HOUSES OF WORSHIP
Religion is About Seeing the Rabbit
In “Sayings of the Desert,” there is a story from the Desert Fathers about a young monk who asked one of the old men of the desert why it was that so many people came out to the desert to seek God, and yet most of them gave up and returned to their lives in the city.
“Last evening my dog saw a rabbit running for cover among the bushes of the desert and he began to chase the rabbit, barking loudly. Soon other dogs joined in the chase, and they were barking and running as well. They ran a great distance and alerted many other dogs. Soon the desert was echoing the sounds of their pursuit but the chase went on into the night.
After a little while, many of the dogs grew tired and dropped out. A few chased the rabbit until the night was nearly spent. By morning, only my dog continued the hunt. “Do you understand,” the old man said, “what I have told you?”
“No,” replied the young monk, “please tell me father.”
“It is simple,” said the desert father, “my dog saw the rabbit.”
In my journey as a pastor I quickly realized that religion has a lot to do with how we see life. It seems that lately our culture tends to see life from a point of view based on fear and insecurity. Even some religious perspectives remind me more of barking dogs that simply respond to others barking, instead of realizing that the spiritual journey first involves “seeing the rabbit.”
I am reminded of Mark Nepo’s words from his book “The Exquisite Risk”:
To journey without being changed is to be a nomad
To change without taking a journey is to be a chameleon
But to journey and be transformed by the journey is to be a pilgrim.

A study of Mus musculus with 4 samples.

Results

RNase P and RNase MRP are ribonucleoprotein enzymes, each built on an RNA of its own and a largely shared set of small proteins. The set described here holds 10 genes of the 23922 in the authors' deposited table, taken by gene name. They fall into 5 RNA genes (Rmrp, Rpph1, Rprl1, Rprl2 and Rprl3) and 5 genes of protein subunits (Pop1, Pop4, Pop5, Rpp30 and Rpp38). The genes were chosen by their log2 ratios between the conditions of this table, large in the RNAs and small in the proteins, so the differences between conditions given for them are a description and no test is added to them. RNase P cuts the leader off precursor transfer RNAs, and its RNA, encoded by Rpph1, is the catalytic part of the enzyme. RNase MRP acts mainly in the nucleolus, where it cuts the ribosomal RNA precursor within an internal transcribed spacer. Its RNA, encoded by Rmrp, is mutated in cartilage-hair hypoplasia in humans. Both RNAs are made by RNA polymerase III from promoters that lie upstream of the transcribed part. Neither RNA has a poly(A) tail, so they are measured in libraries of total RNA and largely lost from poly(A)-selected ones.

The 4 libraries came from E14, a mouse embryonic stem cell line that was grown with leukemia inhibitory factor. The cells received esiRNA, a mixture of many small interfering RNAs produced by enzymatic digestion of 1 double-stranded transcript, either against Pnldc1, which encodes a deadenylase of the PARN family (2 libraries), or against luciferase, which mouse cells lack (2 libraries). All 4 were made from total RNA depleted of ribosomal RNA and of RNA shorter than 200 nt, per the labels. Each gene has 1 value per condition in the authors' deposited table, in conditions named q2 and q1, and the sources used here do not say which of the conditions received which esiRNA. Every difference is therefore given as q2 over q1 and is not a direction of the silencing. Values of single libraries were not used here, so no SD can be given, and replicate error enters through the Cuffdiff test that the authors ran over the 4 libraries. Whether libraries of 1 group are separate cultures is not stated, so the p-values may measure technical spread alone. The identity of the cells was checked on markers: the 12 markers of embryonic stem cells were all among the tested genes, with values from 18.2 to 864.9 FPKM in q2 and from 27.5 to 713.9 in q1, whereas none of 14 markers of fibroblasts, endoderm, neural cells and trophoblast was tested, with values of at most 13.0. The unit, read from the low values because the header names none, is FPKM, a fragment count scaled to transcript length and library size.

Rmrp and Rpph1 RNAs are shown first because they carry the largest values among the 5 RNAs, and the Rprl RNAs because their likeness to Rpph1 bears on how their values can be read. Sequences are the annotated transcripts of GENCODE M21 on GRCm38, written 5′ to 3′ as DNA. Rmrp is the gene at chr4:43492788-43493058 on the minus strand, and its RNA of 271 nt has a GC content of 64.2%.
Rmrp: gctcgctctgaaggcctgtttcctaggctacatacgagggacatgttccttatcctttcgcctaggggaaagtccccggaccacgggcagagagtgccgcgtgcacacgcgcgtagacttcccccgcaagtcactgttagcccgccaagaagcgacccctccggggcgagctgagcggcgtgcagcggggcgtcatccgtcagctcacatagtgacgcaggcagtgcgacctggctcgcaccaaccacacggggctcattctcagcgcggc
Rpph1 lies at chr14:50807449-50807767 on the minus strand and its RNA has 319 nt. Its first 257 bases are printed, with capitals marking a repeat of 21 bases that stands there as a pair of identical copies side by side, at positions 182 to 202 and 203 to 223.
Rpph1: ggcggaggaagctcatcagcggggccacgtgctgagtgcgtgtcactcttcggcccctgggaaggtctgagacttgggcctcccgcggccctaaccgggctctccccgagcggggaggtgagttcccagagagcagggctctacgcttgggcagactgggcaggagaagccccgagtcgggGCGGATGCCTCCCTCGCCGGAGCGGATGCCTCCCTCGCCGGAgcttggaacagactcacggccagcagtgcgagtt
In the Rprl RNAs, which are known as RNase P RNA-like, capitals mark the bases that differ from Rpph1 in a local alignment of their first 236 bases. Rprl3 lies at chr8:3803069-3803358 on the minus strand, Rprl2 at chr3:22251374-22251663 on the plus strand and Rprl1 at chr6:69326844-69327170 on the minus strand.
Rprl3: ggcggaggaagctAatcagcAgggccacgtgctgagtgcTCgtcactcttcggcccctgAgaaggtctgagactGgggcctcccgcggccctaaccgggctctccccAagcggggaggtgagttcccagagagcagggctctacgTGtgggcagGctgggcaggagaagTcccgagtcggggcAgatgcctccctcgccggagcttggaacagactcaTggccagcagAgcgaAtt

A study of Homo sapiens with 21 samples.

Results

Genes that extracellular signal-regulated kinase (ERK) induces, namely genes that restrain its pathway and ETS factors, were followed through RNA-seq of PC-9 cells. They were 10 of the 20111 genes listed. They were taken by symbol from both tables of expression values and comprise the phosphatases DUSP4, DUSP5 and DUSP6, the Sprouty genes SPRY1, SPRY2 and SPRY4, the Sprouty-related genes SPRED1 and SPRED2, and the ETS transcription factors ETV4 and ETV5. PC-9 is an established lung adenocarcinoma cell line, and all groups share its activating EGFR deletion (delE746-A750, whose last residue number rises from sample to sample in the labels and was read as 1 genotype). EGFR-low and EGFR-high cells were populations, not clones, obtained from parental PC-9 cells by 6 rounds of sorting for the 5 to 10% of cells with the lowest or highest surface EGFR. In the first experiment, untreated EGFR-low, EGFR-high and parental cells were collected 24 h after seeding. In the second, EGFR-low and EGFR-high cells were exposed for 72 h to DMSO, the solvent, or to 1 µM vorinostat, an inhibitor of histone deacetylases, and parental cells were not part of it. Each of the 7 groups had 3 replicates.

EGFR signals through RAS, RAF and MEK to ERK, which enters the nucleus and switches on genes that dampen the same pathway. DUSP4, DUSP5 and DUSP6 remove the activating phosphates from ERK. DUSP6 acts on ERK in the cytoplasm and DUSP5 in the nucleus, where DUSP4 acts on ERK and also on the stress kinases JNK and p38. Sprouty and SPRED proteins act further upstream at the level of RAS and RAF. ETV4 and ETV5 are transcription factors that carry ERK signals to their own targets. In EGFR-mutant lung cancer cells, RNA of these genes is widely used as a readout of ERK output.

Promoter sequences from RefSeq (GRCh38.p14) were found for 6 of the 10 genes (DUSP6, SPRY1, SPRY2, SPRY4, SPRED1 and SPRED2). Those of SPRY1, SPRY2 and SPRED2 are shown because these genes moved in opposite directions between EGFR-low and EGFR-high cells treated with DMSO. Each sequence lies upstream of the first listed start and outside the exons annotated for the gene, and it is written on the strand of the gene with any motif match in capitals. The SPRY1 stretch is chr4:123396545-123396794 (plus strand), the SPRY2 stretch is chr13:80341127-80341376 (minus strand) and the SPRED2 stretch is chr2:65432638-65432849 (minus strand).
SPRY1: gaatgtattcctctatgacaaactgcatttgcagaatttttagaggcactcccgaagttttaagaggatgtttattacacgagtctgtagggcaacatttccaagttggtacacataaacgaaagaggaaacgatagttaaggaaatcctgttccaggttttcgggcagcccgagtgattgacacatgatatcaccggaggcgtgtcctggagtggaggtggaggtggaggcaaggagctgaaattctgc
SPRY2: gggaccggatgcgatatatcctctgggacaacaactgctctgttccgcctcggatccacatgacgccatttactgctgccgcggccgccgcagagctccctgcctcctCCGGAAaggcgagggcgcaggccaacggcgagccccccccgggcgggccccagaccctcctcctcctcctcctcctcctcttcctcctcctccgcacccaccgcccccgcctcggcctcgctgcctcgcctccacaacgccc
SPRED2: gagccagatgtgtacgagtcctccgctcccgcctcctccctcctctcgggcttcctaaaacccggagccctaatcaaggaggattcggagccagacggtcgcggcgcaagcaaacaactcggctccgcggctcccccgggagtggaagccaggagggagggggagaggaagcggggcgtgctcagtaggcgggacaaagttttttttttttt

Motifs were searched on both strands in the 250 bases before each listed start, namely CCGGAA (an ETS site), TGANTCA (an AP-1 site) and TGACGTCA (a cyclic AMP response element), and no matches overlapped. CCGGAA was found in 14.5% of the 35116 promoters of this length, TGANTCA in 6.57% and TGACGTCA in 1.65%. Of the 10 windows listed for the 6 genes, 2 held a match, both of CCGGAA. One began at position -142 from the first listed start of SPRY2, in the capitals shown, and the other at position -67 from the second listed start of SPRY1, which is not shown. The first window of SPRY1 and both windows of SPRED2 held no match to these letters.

If you are reading this, you must at least be interested in what is “a religious” perspective on life. One of my books is based on the old good news/bad news joke. An airplane pilot announces over the intercom to the passengers, “I have some good news and some bad news. The bad news is that we are lost; I have no idea where we are. The good news is that we are making excellent time.”
The book is titled, “Lost but Making Excellent Time: Transforming the Rat Race into a Pilgrimage.” In our fast-paced culture, we are definitely going fast, but we sure can get lost and fall victim to barking voices causing us to be fearful and insecure.
According to Marcus Borg in “The Heart of Christianity: Rediscovering a Life of Faith,” one may have any of three worldviews:
• Hostile: One may see the universe as hostile to us. We can expect bad things to happen, and we must be constantly on the defensive.
• Indifferent: One may see the universe as indifferent to us. We still need to be on our guard because things happen without regard to their effect on us, for good or for ill.
• Gracious: One may see the universe as gracious to us. We can relax. At the heart of the universe is goodness, compassion, beauty, joy. This view needs to recognize areas of hostility (criminals do exist) and areas of indifference (hurricanes have no regard for humans), but the overall bent of the universe is gracious.
I invite you to pause and reflect upon how you see life. Healthy religion invites us to be spiritual pilgrims who pay attention and walk the journey, realizing that life is a gift. If we do so, we shall “see the rabbit” and be grateful.
Dr. Jody Seymour
Jody Seymour retired after serving Davidson United Methodist Church as Senior Pastor for 13 years and being a pastor for forty-six years in the Western North Carolina Conference. He is the author of six books and resides just outside of Davidson with his wife, Betsy.